Natalie Wood

New York Times obituary in 1981:

In a Hollywood career that began when she was only 4 years old, Natalie Wood made scores of films, was nominated for the Academy Award three times, won numerous lesser acting awards, amassed a fortune and became a household name to moviegoers.

Miss Wood, 43 years old at her death yesterday in the Pacific off Catalina Island, never won an Oscar, though she was nominated for her work in ”Rebel Without a Cause” in 1955, ”Splendor in the Grass” in 1961 and ”Love With the Proper Stranger” in 1963.

From child star to teen-age ingenue to mature actress, Miss Wood, a short, slender woman with brown hair, radiant dark eyes and a flair for the extravagant, grew up in, and with, the Hollywood of celluloid images: mansions and yachts, midnight swims and motorcycle rides, celebrity parties and night life.

She was married twice to the actor Robert Wagner and once to Richard Gregson, an English film producer, and had been linked romantically at various times with Nicky Hilton, James Dean, Elvis Presley and others.

Her flamboyant life style, huge salaries, marriage troubles and romantic escapades made her the focus of endless publicity in movie magazines and gossip columns. She was often compared with Elizabeth Taylor, another of the relatively few actresses who made the transition from child to adult stardom.

Many of Miss Wood’s pictures were not critical successes, although many did well at the box office. But she won wide critical acclaim for several major performances, in addition to those nominated for Oscars, most notably as a girl in the Christmas classic, ”Miracle on 34th Street,” in 1947, and as Maria in the film version of ”West Side Story,” in 1961.

”Because she was so glamorous, people didn’t realize she was as good as she was,” Paul Mazursky, who directed her in the 1969 film ”Bob and Carol and Ted and Alice,” said yesterday. Nominated for an Emmy

Miss Wood, who also appeared on television and was nominated for an Emmy for her performance in ”Cat on a Hot Tin Roof,” recently began a film, ”Brainstorm,” with Louise Fletcher, Cliff Robertson and Christopher Walken. She had been scheduled to make her stage debut in ”Anastasia” on Feb. 12.

Miss Wood and Mr. Wagner owned a production company and had an interest in ABC Television’s ”Charlie’s Angels,” which in 1979 and 1980 became an object of charges that $1 million in profits were funneled into the ”Starsky and Hutch” series. The Wagners did not sue, however, and officials brought no charges against Spelling-Goldberg Productions, which produced ”Charlie’s Angels.”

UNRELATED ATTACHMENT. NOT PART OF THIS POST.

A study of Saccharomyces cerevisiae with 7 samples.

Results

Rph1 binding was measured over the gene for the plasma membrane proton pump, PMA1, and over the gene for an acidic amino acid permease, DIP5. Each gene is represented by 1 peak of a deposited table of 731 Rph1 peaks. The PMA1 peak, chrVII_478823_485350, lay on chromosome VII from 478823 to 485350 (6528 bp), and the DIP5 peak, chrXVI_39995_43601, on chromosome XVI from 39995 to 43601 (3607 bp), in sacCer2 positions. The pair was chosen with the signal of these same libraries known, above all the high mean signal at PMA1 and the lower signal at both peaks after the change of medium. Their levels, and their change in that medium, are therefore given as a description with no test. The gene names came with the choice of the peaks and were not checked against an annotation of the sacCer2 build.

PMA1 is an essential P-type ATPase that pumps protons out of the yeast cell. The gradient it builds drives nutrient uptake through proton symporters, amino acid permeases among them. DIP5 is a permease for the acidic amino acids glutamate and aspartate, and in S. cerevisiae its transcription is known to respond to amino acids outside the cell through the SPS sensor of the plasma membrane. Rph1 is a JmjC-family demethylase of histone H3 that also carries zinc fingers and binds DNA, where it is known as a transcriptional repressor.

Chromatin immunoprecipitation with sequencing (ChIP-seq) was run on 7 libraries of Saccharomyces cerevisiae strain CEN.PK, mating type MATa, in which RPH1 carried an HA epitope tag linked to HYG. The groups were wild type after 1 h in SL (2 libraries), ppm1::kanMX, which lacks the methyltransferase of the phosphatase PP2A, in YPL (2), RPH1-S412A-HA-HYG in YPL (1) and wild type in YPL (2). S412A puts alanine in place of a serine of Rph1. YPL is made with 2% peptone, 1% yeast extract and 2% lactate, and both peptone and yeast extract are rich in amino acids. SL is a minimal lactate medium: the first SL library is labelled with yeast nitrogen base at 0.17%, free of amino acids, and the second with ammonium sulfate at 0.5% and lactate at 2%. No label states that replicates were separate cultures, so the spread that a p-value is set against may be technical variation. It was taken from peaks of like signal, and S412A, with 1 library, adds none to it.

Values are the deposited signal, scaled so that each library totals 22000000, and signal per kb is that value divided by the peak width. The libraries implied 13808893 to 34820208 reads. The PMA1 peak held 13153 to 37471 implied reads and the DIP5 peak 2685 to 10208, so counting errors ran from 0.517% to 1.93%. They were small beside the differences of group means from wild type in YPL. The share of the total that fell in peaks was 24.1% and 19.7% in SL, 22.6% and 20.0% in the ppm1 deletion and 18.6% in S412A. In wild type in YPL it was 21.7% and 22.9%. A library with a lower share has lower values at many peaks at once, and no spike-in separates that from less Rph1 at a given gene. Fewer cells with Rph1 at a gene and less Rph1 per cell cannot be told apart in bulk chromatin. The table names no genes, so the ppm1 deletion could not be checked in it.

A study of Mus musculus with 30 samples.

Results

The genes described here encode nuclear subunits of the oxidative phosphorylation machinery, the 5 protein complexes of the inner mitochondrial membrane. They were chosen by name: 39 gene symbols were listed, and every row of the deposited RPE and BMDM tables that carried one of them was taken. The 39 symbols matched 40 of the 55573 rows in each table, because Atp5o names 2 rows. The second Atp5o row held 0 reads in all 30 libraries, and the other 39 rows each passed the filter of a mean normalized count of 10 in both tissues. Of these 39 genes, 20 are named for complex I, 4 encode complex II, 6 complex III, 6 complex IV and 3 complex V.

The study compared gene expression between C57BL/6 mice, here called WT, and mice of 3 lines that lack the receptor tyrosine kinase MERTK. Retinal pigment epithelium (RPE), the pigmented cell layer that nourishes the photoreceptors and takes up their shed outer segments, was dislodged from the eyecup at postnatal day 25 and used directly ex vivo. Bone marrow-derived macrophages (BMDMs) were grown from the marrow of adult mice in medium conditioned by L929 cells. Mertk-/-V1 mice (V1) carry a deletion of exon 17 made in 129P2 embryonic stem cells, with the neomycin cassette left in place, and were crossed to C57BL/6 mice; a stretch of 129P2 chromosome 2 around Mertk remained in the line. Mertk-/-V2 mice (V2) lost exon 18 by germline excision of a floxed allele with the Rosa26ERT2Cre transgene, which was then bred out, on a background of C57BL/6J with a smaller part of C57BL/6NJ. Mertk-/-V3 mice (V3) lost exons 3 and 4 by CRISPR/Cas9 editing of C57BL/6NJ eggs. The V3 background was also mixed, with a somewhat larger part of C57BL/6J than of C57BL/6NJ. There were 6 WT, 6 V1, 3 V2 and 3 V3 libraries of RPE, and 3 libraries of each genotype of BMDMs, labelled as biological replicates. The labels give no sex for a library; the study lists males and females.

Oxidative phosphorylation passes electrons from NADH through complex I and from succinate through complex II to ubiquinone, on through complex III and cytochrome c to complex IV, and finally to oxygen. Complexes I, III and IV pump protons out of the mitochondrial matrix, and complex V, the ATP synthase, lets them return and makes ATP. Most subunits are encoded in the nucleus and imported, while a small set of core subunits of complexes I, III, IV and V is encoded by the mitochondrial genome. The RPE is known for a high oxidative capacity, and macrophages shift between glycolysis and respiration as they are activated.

Natalie Wood was born Natasha Gurdin in San Francisco on July 20, 1938, the daughter of Russian immigrant parents. When she was 4, the family moved to Santa Rosa, Calif., where Irving Pichel, the director, was making a 20th Century-Fox film, ”Happy Land” He gave her and her mother, Maria, a former ballerina, small parts.

Two years later, Mr. Pichel cast the child as a waif in ”Tomorrow Is Forever.” She proved something of a scene stealer and in 1944, with her name changed, began earning $1,000 a week. A Success in ‘Miracle’

After her appearance in ”Miracle on 34th Street,” with Maureen O’Hara and John Payne, with Edmund Gwenn as Santa Claus, she was acclaimed by some as Hollywood’s best child actress.

Her breakthrough into young adult roles came at 17 in 1955 in ”Rebel Without a Cause,” with James Dean. Two years later, she was chosen over 100 others, including Elizabeth Taylor and Audrey Hepburn, for the title role in the adapation of Herman Wouk’s bestselling novel, ”Marjorie Morningstar.”

In 1961, Miss Wood played a small-town Kansas girl in William Inge’s ”Splendor in the Grass.” Miss Wood portrayed a young Puerto Rican woman in ”West Side Story,” the United Artists film of the Broadway musical. It was Miss Wood’s first musical, with songs dubbed by Marni Nixon.

Miss Wood and Mr. Wagner were married in 1957 and divorced in 1962. She married Mr. Gregson in 1969 and, after a divorce, remarried Mr. Wagner in 1972. Miss Wood is also survived by two daughters, Courtney Brooke Wagner, 7, and Natasha Gregson, 11. Katherine Wagner, 16, a child of Mr. Wagner’s marriage to Marion Marshall, also resided with the couple.